CHATHAM, Ont. – A judge must take into consideration a proposed secular charter in Quebec when ruling whether to enforce a court order that would see children from an ultra-Orthodox Jewish sect who left the province returned there to foster care, the group’s lawyer said Friday.
Members of the Lev Tahor community were under investigation by social services in Quebec late last year for issues including hygiene, children’s health and allegations that the children weren’t learning according to the provincial curriculum.
Court has heard that most of the community of about 200 people left their homes in Ste-Agathe-des-Monts in the middle of the night while that investigation was ongoing and settled in Chatham, Ont.
Child welfare authorities in Chatham are now asking the court to enforce an order subsequently made in Quebec that would see 14 children placed in foster care. The order is being appealed in Quebec.
The Ontario judge is set to rule on Feb. 3.
He must keep in mind a proposed charter of values looming in Quebec, said Chris Knowles, a lawyer for the families. The charter would restrict the wearing of conspicuous religious symbols such as turbans and hijabs by public-sector workers.
“When we’re talking about religious rights what you’re being asked to do is to send these children back to a province which I submit has chosen to place religious rights beneath other rights,” Knowles said. “So I do think it’s relevant to your determination of what is in these children’s best interests.”
Knowles argued that the children’s aid society in Chatham has no legal jurisdiction to ask the court to enforce Quebec’s order, as he said their powers are limited to starting a child protection investigation of their own.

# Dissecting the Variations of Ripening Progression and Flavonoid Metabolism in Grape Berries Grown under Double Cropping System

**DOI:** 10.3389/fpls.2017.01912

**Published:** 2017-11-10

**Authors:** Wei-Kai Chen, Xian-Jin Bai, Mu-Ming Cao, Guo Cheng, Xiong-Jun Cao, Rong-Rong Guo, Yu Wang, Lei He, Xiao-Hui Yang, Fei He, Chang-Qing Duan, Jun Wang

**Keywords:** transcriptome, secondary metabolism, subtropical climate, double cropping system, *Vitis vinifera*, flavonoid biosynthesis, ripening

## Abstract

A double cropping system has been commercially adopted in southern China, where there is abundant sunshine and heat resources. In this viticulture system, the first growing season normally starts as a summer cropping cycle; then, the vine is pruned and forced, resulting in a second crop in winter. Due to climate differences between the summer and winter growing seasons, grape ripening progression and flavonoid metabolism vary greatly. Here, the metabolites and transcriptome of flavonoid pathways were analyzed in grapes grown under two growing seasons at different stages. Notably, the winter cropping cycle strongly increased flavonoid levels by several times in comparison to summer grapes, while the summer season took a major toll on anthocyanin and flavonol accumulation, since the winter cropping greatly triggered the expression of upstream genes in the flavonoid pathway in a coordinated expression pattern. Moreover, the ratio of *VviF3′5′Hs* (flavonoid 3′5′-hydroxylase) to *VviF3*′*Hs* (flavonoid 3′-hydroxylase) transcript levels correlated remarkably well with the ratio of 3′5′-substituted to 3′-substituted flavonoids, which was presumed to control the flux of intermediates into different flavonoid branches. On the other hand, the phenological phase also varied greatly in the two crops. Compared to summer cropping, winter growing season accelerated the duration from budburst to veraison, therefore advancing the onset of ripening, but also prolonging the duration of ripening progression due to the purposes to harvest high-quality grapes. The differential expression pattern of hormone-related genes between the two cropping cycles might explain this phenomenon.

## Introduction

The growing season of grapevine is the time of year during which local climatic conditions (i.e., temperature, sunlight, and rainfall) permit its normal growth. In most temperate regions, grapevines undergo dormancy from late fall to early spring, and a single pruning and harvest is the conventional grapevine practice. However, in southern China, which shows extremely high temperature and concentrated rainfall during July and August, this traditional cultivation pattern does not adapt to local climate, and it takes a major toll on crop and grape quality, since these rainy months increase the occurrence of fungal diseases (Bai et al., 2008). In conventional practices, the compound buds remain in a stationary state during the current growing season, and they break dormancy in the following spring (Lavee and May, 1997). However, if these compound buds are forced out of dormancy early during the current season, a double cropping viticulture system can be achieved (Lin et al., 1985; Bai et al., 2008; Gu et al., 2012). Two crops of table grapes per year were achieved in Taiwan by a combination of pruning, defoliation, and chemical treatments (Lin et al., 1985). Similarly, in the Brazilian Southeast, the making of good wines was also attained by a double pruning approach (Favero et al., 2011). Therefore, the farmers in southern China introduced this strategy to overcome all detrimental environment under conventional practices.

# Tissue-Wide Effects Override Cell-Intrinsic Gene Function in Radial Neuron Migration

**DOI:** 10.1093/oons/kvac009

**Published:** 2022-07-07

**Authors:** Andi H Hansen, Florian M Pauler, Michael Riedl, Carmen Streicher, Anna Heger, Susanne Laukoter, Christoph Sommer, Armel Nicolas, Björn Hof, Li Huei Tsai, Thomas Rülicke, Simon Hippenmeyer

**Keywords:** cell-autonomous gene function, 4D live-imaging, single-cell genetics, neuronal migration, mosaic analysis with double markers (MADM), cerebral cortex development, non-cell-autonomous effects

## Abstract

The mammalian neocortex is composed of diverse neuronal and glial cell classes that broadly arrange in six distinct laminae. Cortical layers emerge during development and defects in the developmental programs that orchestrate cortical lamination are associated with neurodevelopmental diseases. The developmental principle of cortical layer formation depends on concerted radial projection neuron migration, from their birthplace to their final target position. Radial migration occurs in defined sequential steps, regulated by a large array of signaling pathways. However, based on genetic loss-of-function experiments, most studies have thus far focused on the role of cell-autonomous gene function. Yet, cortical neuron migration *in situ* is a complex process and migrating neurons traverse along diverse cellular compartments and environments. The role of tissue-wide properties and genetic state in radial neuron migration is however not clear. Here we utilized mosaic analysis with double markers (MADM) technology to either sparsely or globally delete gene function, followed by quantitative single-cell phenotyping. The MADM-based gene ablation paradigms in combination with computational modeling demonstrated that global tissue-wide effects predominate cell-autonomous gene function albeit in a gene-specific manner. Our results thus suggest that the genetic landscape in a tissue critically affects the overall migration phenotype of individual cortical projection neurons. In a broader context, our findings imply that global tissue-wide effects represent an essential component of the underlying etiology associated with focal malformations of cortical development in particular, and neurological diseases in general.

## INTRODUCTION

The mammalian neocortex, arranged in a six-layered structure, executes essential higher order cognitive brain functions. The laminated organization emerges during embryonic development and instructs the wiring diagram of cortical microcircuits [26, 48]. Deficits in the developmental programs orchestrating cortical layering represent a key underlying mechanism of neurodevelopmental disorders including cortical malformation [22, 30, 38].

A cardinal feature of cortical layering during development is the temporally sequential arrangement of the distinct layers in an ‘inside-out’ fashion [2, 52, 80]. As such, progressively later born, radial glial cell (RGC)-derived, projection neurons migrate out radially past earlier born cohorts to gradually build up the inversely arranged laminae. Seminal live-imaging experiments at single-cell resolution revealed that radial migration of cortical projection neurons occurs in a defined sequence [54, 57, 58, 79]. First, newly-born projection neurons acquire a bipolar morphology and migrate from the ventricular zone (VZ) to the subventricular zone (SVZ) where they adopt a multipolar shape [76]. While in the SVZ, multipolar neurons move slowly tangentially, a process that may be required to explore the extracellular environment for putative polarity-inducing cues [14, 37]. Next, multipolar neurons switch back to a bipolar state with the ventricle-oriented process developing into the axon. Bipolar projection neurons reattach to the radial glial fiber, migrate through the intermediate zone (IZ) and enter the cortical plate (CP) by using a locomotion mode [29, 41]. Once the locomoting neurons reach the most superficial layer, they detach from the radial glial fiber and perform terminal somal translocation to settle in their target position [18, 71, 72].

There is no specific avenue under the Child and Family Services Act for the Ontario court to enforce Quebec’s order, said Chatham-Kent Children’s Services’ lawyer Loree Hodgson-Harris, but she pointed to other legislation under which she said the Ontario court could make an order.
“We can’t allow in this country people to just pick up and leave because they don’t like the process or they don’t want to comply and it was pretty clear form the evidence that they weren’t going to comply,” she said.
The community denies any mistreatment of the children and says they were already planning to move out of Quebec.
But Hodgson-Harris, said the evidence clearly shows the group fled to escape the Quebec court’s jurisdiction.
“The state of the families’ homes obviously implied that the departure of the families was precipitous,” she said. Some jewelry and credit cards were found left behind, and one coffee maker was left on, she said.
The hearing was previously adjourned on Dec. 23 so that one of the children — a teenage mother — could be represented by a separate lawyer. Chatham-Kent Children’s Services’ lawyer said they are not asking the court to order the return of the teenage mother.
The Lev Tahor, which means “pure heart,” came to Canada in 2005 after their spiritual leader, Rabbi Shlomo Elbarnes, was granted refugee status here.
Children’s aid has intervened with the community in the past, court heard through transcripts of social workers’ testimony. Social workers say their concerns about the community are that it is almost completely isolated from the outside world and the children are terrified of others who are not modestly dressed or “pure.” The leader makes all decisions about the community, a social worker said, and some girls are married as teenagers.
Regarding the children in this case, because of a restriction that females in the community cannot remove their socks, one child’s feet were “blue” from the amount of toe fungus, the social worker said. Community members said the infection could be cleared up with coconut oil and they were willing to modify their restriction to allow women to take their socks off at night, the social worker said.